BUFFALO, N.Y. (WIVB) — This Fourth of July, don’t forget about those who fought for our country.
“I’ve hit the ground before on unexpected ones and tried crawling underneath stuff,” Marine veteran Roger Metz says. “It’s a flashback, it comes back to you and you can’t help it.”
To this day, the sound of fireworks can bring Metz back to when his vehicle was under attack.
“I see the RPG coming,” he says. “I see the smoke trail. I see the hand grenade rolling across the ground and praying ‘please keep rolling.’ So, when I hear the loud explosions, it’s like my life is right there.”
He actually wears Bluetooth headphones that block out the sound to help.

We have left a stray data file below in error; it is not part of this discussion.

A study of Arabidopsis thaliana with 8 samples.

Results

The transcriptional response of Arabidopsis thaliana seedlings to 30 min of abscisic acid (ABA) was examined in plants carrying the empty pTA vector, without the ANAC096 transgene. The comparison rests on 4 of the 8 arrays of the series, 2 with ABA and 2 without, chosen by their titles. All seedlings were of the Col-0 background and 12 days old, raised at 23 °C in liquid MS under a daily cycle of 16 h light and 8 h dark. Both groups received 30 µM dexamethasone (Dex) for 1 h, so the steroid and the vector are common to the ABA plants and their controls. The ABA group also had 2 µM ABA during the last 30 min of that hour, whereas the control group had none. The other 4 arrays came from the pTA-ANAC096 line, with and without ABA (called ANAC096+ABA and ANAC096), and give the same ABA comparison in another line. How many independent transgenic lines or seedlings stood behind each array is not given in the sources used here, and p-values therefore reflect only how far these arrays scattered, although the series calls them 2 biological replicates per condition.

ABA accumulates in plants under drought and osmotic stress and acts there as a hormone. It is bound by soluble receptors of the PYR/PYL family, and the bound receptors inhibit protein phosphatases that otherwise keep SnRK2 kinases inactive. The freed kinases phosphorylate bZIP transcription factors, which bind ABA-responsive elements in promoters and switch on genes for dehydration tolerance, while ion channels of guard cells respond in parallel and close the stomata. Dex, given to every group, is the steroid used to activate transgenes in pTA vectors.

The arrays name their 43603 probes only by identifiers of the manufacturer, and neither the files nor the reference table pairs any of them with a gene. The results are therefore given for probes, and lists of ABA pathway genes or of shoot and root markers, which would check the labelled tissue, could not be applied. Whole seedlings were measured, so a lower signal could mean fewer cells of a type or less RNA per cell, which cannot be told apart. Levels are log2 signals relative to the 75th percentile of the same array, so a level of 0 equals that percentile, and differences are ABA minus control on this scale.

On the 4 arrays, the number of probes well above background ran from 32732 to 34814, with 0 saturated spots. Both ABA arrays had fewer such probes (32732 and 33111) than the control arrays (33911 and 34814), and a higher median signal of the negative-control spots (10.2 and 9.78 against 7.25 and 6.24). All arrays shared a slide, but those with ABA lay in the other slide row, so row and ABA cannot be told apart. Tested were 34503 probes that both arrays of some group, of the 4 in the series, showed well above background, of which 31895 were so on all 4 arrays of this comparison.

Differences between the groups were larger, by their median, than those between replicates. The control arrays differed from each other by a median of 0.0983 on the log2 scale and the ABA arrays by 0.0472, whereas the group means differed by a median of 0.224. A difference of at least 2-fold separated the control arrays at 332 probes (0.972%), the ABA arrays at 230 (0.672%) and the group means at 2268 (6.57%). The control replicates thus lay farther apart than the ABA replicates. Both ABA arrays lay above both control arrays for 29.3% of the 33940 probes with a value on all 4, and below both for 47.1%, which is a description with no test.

Veterans, especially those dealing with PTSD, often have flashbacks from fireworks. But it’s not usually the ones on the 4th.
“It’s the fireworks on June 30th or July 15th that they are not expecting to hear an explosion,” Veteran Outreach Program Specialist Keith Ross said.
The unexpected explosions can bring a veteran back into a warzone mindset. Sometimes, it’s too much for them.
“We seem to have lost a veteran at least once a year for pretty much the last four years on the Fourth of July because of the triggers,” Military With PTSD Executive Director Shawn Gourley said.
Gourley started Military With PTSD in 2015 with the goal of helping raise awareness.
Handing out these signs, it’s a way to let neighbors know who is around them.
“If that veteran has the heads up, they may not be okay with it, but they can be better with it,” Ross said.
Metz says the signs aren’t to discourage fireworks, but wants people to talk to him first so they can enjoy fireworks together.
“That’s what we fought for,” he said. “The freedoms to be out there, have your picnics, have the fireworks and enjoy yourself.”